Russell Coight is back! After 14 years, the hilariously inept outback adventurer is about to hit the road

He's here to show us all how it's done...

The mockumentary-style series featured the continuous misadventures of the self-styled but hapless “outback survival guru”. It wrapped up in 2004 after two seasons and a telemovie – and has been much missed since.

Now, Russell, the comic invention of Kath And Kim star Glenn Robbins, is about to return to our screens.

TV WEEK caught up with Russell to find out what he’s been up to.

It’s been a long time since we last saw you. Have you been bush all this time?

Russell: I don’t go bush nearly as often as I’d like. My wildlife park in Darwin keeps me pretty busy, especially now the RSPCA has lifted their ban. I’ve also been working on some new television ideas. Outback Ninja and Boot-Scootin’ With The Stars are both in development. Inspired by the “slow TV” movement, I recently strapped a camera to the bull bar of my four-wheel drive and drove across the Nullarbor. Seventeen hours and 123 separate road-kills captured in full high-definition. Still waiting to hear back from SBS.

Russell with a koala he says is an “old mate”.

What brought you back to our TV screens?

A new series is a chance to share my knowledge and love of the great outdoors. It’s also an opportunity to promote my new fragrance, Koight. It’s a manly blend of eucalyptus and wattle, with base notes of diesel. Available at all good service stations.

Like the famous song, you’ve “been everywhere, man”. Where is left to explore?

It’s getting harder to find places these days, especially with all the rules and regulations preventing you from doing simple things like camping, four-wheel driving, or wiping out endangered animal species. But I still hope to share some hidden treasures.

Will you have more tips for us, like which bush tucker is safe, where we should camp and how to survive?

There’s plenty of info in my new series, but if you really want some tips, I’d pick up a copy of my bestselling guidebook, Coight’s Camping Compendium. It contains hundreds of handy hints for heading bush. It’s also edible in an emergency situation – and, if nature calls, the last 20 pages are printed on soft double-ply paper.

You often make fun of high-tech gadgets – will you still be sticking to your tried-and-tested methods, or have innovations such as GPS and satellite phones crept into your kit bag?

I’ve nothing against technology, but you’ve got to know how to survive without it. What good is a sat-nav system if you’re in a part of the country where you can’t get a WiFi signal? And, thanks to the NBN, that’s pretty much anywhere. Give me the basics: a map, compass – and the electronic tracking device that the Department Of Parks And Wildlife makes me wear.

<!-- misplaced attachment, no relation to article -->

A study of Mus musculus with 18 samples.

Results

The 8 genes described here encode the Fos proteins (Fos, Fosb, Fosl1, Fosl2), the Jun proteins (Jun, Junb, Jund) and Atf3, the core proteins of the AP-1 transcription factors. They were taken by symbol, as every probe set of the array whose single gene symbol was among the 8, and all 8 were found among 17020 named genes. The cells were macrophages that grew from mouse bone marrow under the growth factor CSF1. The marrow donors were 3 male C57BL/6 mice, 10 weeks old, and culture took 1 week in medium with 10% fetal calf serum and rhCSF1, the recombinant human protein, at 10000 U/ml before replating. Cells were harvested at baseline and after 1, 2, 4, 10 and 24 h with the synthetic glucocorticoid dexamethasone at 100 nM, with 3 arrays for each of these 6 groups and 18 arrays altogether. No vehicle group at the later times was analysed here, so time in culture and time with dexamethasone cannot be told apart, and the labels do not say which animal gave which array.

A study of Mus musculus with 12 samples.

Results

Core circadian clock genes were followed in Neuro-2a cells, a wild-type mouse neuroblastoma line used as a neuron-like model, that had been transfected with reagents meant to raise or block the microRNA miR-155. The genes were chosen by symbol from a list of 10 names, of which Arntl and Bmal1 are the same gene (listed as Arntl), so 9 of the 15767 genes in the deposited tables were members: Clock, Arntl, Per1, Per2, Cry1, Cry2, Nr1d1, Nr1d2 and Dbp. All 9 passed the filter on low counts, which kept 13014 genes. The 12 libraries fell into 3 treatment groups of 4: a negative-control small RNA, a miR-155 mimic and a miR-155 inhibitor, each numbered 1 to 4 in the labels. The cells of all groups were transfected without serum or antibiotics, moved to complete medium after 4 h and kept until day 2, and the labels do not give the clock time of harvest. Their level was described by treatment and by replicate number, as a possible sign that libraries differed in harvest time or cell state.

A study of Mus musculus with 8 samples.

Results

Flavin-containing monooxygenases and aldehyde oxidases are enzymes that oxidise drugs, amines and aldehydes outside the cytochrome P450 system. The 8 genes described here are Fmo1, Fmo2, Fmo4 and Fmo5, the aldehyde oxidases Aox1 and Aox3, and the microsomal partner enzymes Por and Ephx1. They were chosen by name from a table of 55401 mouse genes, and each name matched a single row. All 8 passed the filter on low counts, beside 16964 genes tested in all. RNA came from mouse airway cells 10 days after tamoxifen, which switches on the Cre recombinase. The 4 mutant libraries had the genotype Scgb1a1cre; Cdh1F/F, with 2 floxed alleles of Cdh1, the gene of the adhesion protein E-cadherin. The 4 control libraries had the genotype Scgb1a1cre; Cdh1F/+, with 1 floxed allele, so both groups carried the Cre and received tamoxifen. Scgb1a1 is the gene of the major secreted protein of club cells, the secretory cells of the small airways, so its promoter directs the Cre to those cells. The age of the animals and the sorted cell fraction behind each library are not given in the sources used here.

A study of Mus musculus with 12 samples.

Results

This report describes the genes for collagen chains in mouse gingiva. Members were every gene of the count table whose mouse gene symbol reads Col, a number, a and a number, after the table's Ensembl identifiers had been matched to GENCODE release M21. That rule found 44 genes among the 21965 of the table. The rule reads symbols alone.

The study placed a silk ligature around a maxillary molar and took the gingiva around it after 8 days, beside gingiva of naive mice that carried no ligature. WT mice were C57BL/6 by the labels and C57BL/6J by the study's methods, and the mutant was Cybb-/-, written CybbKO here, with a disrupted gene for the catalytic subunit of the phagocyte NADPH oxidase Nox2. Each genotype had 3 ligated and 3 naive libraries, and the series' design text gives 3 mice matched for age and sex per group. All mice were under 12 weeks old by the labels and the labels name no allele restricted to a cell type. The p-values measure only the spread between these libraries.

“I still hope to share some hidden treasures.”

So many people are alive today because of your survival tips. How do you feel about suggestions you should be knighted?

“Arise, Sir Russell” does have a certain ring to it. But if I’m to be honoured, it should be for my work promoting our precious native fauna. I was lucky enough to recently discover a rare species of pygmy possum. Scientists didn’t even know it existed until I drove over one up in the Kimberley. It’s now named after me: Coightus Extinctus.

Are you getting the old team back together for the new season? There was one bloke called Robbin something, or somebody Robbins, who was always thanked for “directorial assistance”.

Let me make it clear: no-one “directs” Russell Coight. I do all the key roles myself: presenting, directing, stunt work, on-set catering, driving people with food poisoning to the nearest hospital… It’s 100 per cent R. Coight.

How do you rate the skills of British adventurer Bear Grylls?

Look, I’m sure he’s a good bloke, but Bear has no idea about Aussie survival. Until you’ve been airlifted from a croc-infested swamp with dengue fever and half a leg missing – as happened to me just last weekend – you haven’t experienced the true wilderness.

Your name is taught to Australian schoolkids in the same way heroes such as Captain Cook, Burke and Wills, and Alby Mangels are. How does that fame sit with a humble boy from the back of beyond?

I love working with kids, and used to often visit schools… before the intervention order came into effect. I’m humbled to think that young Australians might learn a few life skills from me, whether it’s how to skin a rabbit or how to roll their own cigarettes.

Locals often regret meeting the blundering outback identity.

Russell Coight’s All Aussie Adventures returns Sunday August 5th at 7:30pm on Network Ten.